35 year old male had Gallbladder full of stones removed 5/88.
Stones were removed from cystic duct and common bile duct as well.
The pancreas was moderately thickined with edematous pancreatitis with no evidence of hemorrhagic pancreatitis and no saponification.
Blood work before surgery showed no elevations in any of the liver tests.High triglycerides (254) and normal cholesteral (181) were noted.
Currently 45 years old and has visited doctors quite a few times over the last ten years with complaints of fatigue and inability to return to robust health enjoyed prior to surgey.
Has gained approximately 20 pounds since surgery and has held consistent for several years at 195 lbs (5' 9" height).
Blood work 7/96 showed elevations in Gamma GT (205 u/l), sgot(99 u/l),sgpt (113 u/l), total protein(9.1 g/dl), cholesteral (255 mg/dl), triglycerides (839 mg/dl), ferritin (378 ng/dl), and EBV VCA-IGG > 170 AU.
Abdominal CT Scan 7/96 was unremarkable.
Liver Ultrasound 5/97 noted no masses with mild fatty infiltration.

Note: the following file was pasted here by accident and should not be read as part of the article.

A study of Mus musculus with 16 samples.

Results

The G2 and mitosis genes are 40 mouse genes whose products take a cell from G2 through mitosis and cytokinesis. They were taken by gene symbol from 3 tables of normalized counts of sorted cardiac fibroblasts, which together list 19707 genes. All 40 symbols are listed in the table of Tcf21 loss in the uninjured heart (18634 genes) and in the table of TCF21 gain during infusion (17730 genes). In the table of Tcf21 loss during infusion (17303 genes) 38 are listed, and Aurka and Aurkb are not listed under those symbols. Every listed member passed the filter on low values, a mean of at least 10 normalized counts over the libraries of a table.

Blood work 6/97 continued to show elevated liver panel: Cholesteral(209), Triglycerides (207), SGPT (61), and Gamma GT (120).AFP, Tumor Marker (2.4 NG/ML).
Current blood work (9/98) continues to show elevated triglycerides (274), Cholesteral (227), and Gamma GT (156) as well as sodium (148) and chloride (111).
History of moderate to heavy social alcohol consumption.
Does not take any regular medication or have history of drug abuse.
Married 25 years with two children and successful career.
Complaints have been treated in past as stress and/or alcohol related.
Would like thoughts on possible causes and course of action.
Dear Steve T,
The most probable explanations are alcohol-related liver disease or fatty liver. You need to be checked for Hepatitis B and C infection, even though you do not provide a history of high risk behaviors, blood transfusions etc. Additionally, you should have blood tests done to exclude autoimmune liver disease and hemochromatosis, a disease in which there is excess iron deposition in the liver.
I suggest that you watch your diet and try to lose weight. Alcohol should be stopped to see if the liver tests improve. The only definitive method to determine your liver problem is by a biopsy. I do not think, however, that a biopsy is needed at this time. I would follow the other steps suggested in this paragraph.